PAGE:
Note: Critic domination in reporting ethics is that it has mostly based on the voices of non-victims so it never find out who they are and what happen to them.
Source Irrawaddy news, 15 Oct
Sixteen young men, presumed to be Bengalis, who were were arrested in Kalay, Sagaing Division, for illegal entry into Burma, could face up to seven years in prison, said local police.
The men, all thought to be under 25 years of age, were arrested separately in the Mautlin area of Kalay. They are suspected of entering Sagaing Division via Chin State, and could have set off on their journey from either India or Bangladesh.
“We did not find any ID or documents on them,” said a police officer in Kalay. “They do not speak Burmese, so we had to communicate with them through a Bengali interpreter. They are currently being questioned by immigration officers to ascertain where they come from, and where they were headed to.”
As speakers of Bengali, the 16 could come from Bangladesh or the Indian state of Bengal. It is highly likely, though, that they are Rohingya—the persecuted minority which is denied citizenship in Burma, Bangladesh and India—because so many Rohingyas have attempted to migrate overland in recent years.
The police officer who spoke to The Irrawaddy said that the immigration department will open a case against the 16 once they have been questioned, and that they could face charges for illegal entry into Burma that carry a two- to seven-year sentence.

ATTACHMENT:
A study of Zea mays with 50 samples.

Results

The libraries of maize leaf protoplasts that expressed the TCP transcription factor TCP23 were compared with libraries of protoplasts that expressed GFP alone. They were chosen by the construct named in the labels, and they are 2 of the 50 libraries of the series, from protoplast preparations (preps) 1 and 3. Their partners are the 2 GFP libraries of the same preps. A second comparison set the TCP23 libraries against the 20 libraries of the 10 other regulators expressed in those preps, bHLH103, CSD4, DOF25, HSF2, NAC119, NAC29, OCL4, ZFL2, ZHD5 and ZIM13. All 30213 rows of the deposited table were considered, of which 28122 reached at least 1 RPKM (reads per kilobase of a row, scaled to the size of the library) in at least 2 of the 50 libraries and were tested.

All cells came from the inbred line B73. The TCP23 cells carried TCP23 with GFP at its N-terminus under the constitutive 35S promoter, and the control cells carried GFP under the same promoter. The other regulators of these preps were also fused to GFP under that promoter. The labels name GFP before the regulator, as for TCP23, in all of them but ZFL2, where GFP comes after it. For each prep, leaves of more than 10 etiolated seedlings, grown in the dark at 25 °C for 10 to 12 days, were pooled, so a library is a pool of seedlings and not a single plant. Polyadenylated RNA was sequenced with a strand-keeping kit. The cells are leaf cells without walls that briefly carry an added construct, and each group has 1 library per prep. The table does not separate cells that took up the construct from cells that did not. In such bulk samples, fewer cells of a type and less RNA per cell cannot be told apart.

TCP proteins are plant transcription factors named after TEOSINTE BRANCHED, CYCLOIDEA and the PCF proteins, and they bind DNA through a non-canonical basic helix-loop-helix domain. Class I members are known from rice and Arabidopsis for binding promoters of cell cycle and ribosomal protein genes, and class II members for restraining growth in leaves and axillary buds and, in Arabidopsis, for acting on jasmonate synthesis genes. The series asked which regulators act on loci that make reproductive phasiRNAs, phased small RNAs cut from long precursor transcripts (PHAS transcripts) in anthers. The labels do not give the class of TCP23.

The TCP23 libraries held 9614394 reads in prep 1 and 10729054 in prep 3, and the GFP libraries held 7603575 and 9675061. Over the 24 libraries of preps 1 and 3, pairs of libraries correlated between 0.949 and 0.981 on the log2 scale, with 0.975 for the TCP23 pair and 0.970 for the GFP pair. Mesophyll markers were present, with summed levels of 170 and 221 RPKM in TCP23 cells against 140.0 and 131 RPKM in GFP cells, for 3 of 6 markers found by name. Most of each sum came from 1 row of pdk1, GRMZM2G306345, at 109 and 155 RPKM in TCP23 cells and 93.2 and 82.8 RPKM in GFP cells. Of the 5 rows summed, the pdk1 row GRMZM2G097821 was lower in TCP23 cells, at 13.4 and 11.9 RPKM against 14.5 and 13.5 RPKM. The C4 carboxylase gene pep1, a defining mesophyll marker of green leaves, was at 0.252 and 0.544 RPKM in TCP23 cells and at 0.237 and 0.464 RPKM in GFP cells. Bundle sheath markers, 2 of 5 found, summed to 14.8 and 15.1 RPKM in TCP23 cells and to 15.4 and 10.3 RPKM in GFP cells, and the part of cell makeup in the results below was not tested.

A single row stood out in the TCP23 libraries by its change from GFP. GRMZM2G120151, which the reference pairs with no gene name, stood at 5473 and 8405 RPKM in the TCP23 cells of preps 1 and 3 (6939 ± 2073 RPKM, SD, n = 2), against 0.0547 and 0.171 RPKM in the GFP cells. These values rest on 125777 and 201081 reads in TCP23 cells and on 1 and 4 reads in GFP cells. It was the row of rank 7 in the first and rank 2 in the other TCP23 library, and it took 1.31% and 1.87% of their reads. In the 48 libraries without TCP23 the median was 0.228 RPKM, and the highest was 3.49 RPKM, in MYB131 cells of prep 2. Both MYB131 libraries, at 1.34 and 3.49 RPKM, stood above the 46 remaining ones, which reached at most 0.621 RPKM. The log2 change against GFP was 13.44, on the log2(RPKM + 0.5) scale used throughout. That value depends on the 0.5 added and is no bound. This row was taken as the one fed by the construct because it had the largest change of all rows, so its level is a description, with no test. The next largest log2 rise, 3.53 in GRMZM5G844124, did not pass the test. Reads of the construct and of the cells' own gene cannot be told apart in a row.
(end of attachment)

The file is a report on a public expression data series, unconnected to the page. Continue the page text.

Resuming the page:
“That is the 20th arrest of this kind during 2012,” said the officer. “About 100 [Bengalis] have been arrested and charged this year.”
In September, 10 Bengali men were arrested in the same region and were sentenced to seven years in prison for illegally entry. The guide, who was arrested along with them, was given a five-year sentence.
Many of the illegal immigrants caught previously in the area were Rohingyas entering Burma either through the Indo-Burmese or Bangladeshi-Burmese borders. Many of them said they were en route to the Thai border and would then continue travelling until they reached Malaysia where they could find work.
Locals have said that Kalay has become a popular new route for Bengalis and Bangladeshi Rohingyas to enter the country because of the tight security situation in Burma’s Arakan State.
“They [the illegal immigrants] may think this is the safest way for them to go,” said a local in Kalay. “If the police can arrest this many of them, we can’t imagine how many are passing through unnoticed.”